Please ensure Javascript is enabled for purposes of website accessibility

Md. court reverses porn conviction, says consent to search was withdrawn

“As we see it, his withdrawal (of consent) was clear and unequivocal,” wrote Court of Special Appeals Judge Melanie Shaw. (The Daily Record/File Photo)

Law enforcement officers were constitutionally bound to honor a suspected child pornographer’s withdrawal of his consent to their pending warrantless search of his computer even though seven days had passed and they had already copied his hard drive, Maryland’s second-highest court ruled this month in overturning the man’s pornography conviction.

In its reported decision, the Court of Special Appeals said consent to a warrantless search of a computer’s digital data can be withdrawn at any time before the search is consummated.

Thus, the officers’ examination of their copy of Daniel McDonnell’s hard drive after he had withdrawn consent violated his constitutional Fourth Amendment protection against unreasonable searches, the appellate court held.

Prosecutors alleged that the belated search revealed child pornography.

In its 3-0 ruling, the Court of Special Appeals cited the U.S. Supreme Court’s 2014 Riley v. California decision that warrants are generally required to search cellphones because those ubiquitous “minicomputers” hold a wealth of their owners’ personal information unrelated to the suspected crime.

“Here, because individuals have a legitimate expectation of privacy in the digital data within their computer, we hold that (McDonnell’s) revocation of his consent to examine data from his laptop computer precluded a forensic examination of the mirror-image copy of its hard drive without his consent,” Judge Melanie Shaw wrote for the appellate court.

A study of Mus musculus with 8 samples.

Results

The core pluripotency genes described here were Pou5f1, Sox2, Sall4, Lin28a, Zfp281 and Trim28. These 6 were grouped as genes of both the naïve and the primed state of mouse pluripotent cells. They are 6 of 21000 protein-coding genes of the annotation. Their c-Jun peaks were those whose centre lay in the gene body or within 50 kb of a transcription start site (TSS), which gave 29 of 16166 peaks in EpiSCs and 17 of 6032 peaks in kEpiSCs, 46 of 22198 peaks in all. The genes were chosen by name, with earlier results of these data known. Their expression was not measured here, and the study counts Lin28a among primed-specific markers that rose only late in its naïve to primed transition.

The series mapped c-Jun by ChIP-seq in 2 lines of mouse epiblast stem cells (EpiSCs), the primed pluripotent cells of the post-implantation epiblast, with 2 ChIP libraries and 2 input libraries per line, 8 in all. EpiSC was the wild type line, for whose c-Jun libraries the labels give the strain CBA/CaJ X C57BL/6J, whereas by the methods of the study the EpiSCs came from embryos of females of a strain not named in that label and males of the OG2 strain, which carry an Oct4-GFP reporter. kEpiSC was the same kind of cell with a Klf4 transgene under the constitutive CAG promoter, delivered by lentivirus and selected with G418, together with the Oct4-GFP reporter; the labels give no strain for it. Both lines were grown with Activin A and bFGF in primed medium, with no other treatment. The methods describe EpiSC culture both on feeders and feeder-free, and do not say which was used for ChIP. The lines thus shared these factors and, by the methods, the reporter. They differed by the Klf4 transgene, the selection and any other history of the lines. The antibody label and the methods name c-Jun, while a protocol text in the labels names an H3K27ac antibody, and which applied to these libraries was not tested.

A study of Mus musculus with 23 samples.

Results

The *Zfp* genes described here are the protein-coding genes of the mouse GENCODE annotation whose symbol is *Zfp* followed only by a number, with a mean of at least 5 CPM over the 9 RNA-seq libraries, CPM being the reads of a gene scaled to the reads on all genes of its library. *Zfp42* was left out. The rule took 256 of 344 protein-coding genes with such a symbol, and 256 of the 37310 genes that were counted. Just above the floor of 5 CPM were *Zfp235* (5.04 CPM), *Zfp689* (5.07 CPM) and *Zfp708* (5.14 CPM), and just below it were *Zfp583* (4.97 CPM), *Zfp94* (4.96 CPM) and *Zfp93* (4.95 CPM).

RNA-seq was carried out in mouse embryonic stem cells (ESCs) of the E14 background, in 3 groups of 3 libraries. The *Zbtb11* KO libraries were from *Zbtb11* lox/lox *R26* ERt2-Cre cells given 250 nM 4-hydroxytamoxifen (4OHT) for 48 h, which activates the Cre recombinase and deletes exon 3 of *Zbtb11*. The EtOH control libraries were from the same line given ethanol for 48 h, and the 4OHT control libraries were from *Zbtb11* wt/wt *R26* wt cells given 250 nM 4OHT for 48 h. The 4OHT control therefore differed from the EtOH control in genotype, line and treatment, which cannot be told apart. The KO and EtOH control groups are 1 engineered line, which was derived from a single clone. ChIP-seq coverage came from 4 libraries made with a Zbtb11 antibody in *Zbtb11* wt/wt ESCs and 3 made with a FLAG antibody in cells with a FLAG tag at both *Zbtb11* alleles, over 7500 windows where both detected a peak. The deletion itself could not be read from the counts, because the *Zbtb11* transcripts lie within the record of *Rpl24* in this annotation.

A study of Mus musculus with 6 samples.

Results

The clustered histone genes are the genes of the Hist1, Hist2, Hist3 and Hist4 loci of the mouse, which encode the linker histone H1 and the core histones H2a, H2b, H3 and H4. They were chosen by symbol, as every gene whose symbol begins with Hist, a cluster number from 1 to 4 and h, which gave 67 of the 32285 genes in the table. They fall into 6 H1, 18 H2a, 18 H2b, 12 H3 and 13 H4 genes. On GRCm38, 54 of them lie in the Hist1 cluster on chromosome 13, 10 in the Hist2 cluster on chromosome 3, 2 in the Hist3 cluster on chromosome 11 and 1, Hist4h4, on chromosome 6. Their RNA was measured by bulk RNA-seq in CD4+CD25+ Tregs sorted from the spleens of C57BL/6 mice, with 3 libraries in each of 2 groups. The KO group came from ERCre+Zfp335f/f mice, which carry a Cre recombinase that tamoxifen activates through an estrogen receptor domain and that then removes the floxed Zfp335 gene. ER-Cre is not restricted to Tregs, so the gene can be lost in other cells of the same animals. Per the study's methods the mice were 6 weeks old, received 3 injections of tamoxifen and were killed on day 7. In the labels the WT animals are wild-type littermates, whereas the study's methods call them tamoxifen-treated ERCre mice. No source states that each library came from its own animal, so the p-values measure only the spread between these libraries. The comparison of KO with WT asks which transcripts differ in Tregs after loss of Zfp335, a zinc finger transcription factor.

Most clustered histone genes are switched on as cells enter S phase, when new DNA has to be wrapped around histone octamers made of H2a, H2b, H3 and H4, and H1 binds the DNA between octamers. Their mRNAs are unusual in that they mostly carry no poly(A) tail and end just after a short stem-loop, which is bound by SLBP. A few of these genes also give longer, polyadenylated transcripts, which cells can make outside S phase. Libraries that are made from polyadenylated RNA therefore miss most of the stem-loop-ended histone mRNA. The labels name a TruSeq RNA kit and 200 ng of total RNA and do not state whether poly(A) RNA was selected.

By withdrawing his consent, McDonnell “reclaimed a reasonable expectation of privacy in the data,” Shaw added.

The court rejected the Maryland Attorney General’s Office’s argument that McDonnell’s expectation of privacy in his computer did not extend to the officers’ consented-to copy of the hard drive, a facsimile that they said belonged to and was freely searchable by them.

“As we see it, his withdrawal (of consent) was clear and unequivocal,” Shaw wrote.

By withdrawing his consent, McDonnell “reclaimed a reasonable expectation of privacy in the data,” Shaw added.

The  Attorney General’s Office declined to comment on the decision and any plans to seek review by the Court of Appeals.

McDonnell’s appellate attorney, J. Dennis Murphy Jr., did not immediately return a telephone message Wednesday seeking comment on the Court of Special Appeals decision. Murphy is with the Law Offices of Murphy & Price LLP in Ocean City.

According to court papers, U.S. Army Criminal Investigation Division Command investigators went to McDonnell’s home on July 12, 2019, where he signed a form consenting to their search of his laptop computer. Investigators created a copy of his hard drive before leaving.

Seven days later, McDonnell’s attorney sent the investigators an email telling them his client had withdrawn his consent to their search.

But investigators subsequently examined the copy of the hard drive.

McDonnell was charged with 20 counts of promotion or distribution of child pornography and 20 counts of possessing child pornography.

He moved to suppress the evidence from his computer, saying it was searched without his consent.

After an Anne Arundel County Circuit Court judge denied his motion, McDonnell pleaded not guilty on Sept. 24, 2021, agreed to a statement of facts and preserved his right to appeal the denial. McDonnell was found guilty of three counts of distributing child pornography and was sentenced to 30 years in prison, all suspended, and five years’ supervised probation.

He then appealed successfully to the Court of Special Appeals.

Shaw was joined in the opinion by Chief Judge Gregory Wells and retired Judge James A. Kenney III, who was sitting by special assignment.

The Court of Special Appeals issued its decision in Daniel Ashley McDonnell v. State of Maryland, No. 1246, September Term 2021.